Amazon’s Custom ARM 7nm 64-Bit Graviton2 Processor Compared With Intel’s Xeon Server-Grade CPUs

Amazon has been making some serious strides in custom processors and purpose-built CPUs for its Amazon Web Services or AWS platform. These custom ARM-based processors are truly powerful and can easily compete against Intel Xeon processors that dominated the server market until recently. With Amazon promising more EC2 Instances on AWS to be powered by the new Amazon Graviton2 processors, the CPU battle has just intensified.

AWS announced its second-generation of ARM-based homegrown processors called Graviton2 at the re:Invent 2019 on Tuesday in Las Vegas. The 2nd Gen Graviton2 processors feature four times higher core count than the A1 instances they succeed. They will power Amazon’s sixth-generation EC2 instances. Given the specifications and features of the new Graviton2 CPUs, Amazon confidently claims the M6g instances have a significant boost in performance and cost-efficiency. Incidentally, the eCommerce giant directly compared the new Graviton2 processor with the Intel-based M5 instance.

Amazon Custom ARM-based 7nm Graviton2 Processor Specifications And Features:

The Amazon Graviton2 processor is a custom AWS-designed and purpose-built processor that has been fabricated on the 7nm process. The processor is based on 64-bit ARM Neoverse cores. With 30 billion transistors, the Graviton2 CPUs are claimed to have a 7x performance uplift compared to the Graviton-based A1 instances.

Interestingly, the first generation of the Graviton processors was announced just last year at re:Invent 2018. The 1st Gen Graviton was based on the 64-bit Armv8 Cortex-A72 microarchitecture first announced in 2015. The first-generation 16nm Neoverse platform supported the processor. The CPU sported four quad-core clusters. Each cluster had 2MB of L2 cache. In all, the 1st Gen Amazon Graviton CPU had a total of 16 cores running comfortably at 2.6 GHz.

The Graviton2 CPU takes a significant leap in die size reduction, and is now built on the 7nm Neoverse platform, codenamed Ares. ARM claims the 4-wide Neoverse N1 microarchitecture delivered a 30 percent increase in power efficiency (at the same frequency) and a 60 percent uplift in IPC. The processor also provides twice the floating-point SIMD performance per core.

Although the architecture is quite similar to the Cortex- A76, which is commonly deployed in smartphones, the N1 microarchitecture can be scaled up to 128 Cores. However, the 2nd Gen Graviton2 processors have 64 Cores. These are connected by a 2TB/s mesh architecture. The Graviton2 has twice the amount of L2 cache per core. It has 8 DDR4-3200 channels, which is essentially 5X faster than the previous generation. The processor has support for 64 PCIe 4.0 lanes and also for FP16 and INT8 numerics. Moreover, the processors are always-encrypted.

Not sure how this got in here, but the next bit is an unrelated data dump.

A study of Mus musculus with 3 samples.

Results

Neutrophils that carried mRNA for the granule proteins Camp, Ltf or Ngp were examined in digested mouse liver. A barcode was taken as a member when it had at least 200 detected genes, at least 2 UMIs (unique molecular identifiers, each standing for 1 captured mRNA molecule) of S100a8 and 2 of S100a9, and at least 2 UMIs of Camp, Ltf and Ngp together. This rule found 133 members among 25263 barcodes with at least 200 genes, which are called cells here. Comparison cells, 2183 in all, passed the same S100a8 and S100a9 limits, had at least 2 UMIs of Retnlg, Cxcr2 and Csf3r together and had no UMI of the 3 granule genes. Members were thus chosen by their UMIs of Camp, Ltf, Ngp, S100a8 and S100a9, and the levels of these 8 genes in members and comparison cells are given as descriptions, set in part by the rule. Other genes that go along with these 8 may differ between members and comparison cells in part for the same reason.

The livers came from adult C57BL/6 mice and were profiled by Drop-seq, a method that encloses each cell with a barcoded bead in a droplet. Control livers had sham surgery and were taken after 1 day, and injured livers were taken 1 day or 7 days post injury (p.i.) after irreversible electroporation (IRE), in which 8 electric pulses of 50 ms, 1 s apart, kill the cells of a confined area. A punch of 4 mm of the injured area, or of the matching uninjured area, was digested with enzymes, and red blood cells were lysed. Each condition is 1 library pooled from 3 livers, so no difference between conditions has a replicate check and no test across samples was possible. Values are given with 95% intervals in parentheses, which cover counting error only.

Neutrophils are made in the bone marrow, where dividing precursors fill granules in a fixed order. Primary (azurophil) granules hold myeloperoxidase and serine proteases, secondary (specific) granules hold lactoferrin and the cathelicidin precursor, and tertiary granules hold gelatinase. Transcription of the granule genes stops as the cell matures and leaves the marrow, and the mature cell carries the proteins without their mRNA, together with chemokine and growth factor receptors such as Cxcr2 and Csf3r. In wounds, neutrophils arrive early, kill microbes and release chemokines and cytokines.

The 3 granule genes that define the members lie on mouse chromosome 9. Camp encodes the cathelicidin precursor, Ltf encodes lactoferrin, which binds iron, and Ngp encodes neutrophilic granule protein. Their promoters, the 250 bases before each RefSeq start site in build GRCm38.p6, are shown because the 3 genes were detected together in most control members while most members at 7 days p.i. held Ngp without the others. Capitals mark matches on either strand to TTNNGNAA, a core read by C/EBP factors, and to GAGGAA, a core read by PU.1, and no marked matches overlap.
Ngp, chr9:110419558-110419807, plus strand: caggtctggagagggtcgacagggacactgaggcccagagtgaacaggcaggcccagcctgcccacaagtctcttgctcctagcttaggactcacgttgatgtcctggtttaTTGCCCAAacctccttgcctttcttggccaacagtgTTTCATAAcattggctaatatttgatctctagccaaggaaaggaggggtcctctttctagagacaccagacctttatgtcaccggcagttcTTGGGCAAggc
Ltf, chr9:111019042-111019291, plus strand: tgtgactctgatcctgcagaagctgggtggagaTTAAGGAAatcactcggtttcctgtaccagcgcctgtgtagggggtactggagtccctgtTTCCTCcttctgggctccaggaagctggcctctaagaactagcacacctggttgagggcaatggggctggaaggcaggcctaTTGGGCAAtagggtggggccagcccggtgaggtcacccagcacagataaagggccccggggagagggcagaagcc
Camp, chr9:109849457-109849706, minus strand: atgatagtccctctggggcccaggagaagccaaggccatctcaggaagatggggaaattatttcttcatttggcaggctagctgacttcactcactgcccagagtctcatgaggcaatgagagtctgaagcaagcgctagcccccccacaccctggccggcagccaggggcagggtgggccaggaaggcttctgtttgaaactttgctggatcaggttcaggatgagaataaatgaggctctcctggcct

Amazon has three types of Graviton2-powered EC2 instances: General Purpose, Compute-Optimized, and Memory-Optimized. All the instances have up to 25 Gbps of network bandwidth, and 18 Gbps of EBS-Optimized bandwidth. AWS is so confident about the processors, they will reportedly power Amazon EMR, Elastic Load Balancing, Amazon ElastiCache, and other AWS services.

Amazon’s Custom ARM 7nm 64-Bit Graviton2 Processor Compared With Intel Xeon Server-Grade Processors:

Amazon offered a comparison between its own indigenously developed ARM 7nm 64-Bit Graviton2 processor with Intel’s Xeon server-grade processors. Incidentally, AWS compared their EC2 Instances with Intel-based M5 instances. Amazon claims the instances deliver 20 percent cost savings and up to 40 percent higher performance.

Compared to Intel Xeon processors, Amazon’s Graviton2 has both higher core-count and higher performance per virtual core. However, Amazon did not take into consideration one important aspect that Intel Xeon processors possess. Intel’s CPUs have HyperThreading, resulting in two vCPUs per core, which grants it a significant performance boost.

Moreover, ARM’s use in HPCs and Data Centers has been quite small compared to x86 systems. Still, ARM’s CPUs are now increasingly powering multiple and intensive cloud-computing instances for several remote users of AWS. Additionally, AMD’s highly credible 7nm EPYC platform has always offered power and efficiency for servers. AMD’s EPYC platform runs x86 code just like the Intel servers. This directly means Intel has some serious and tough competition from not just one but two companies.

Alap Naik Desai


A B.Tech Plastics (UDCT) and a Windows enthusiast. Optimizing the OS, exploring software, searching and deploying solutions to strange and weird issues is Alap's main interest.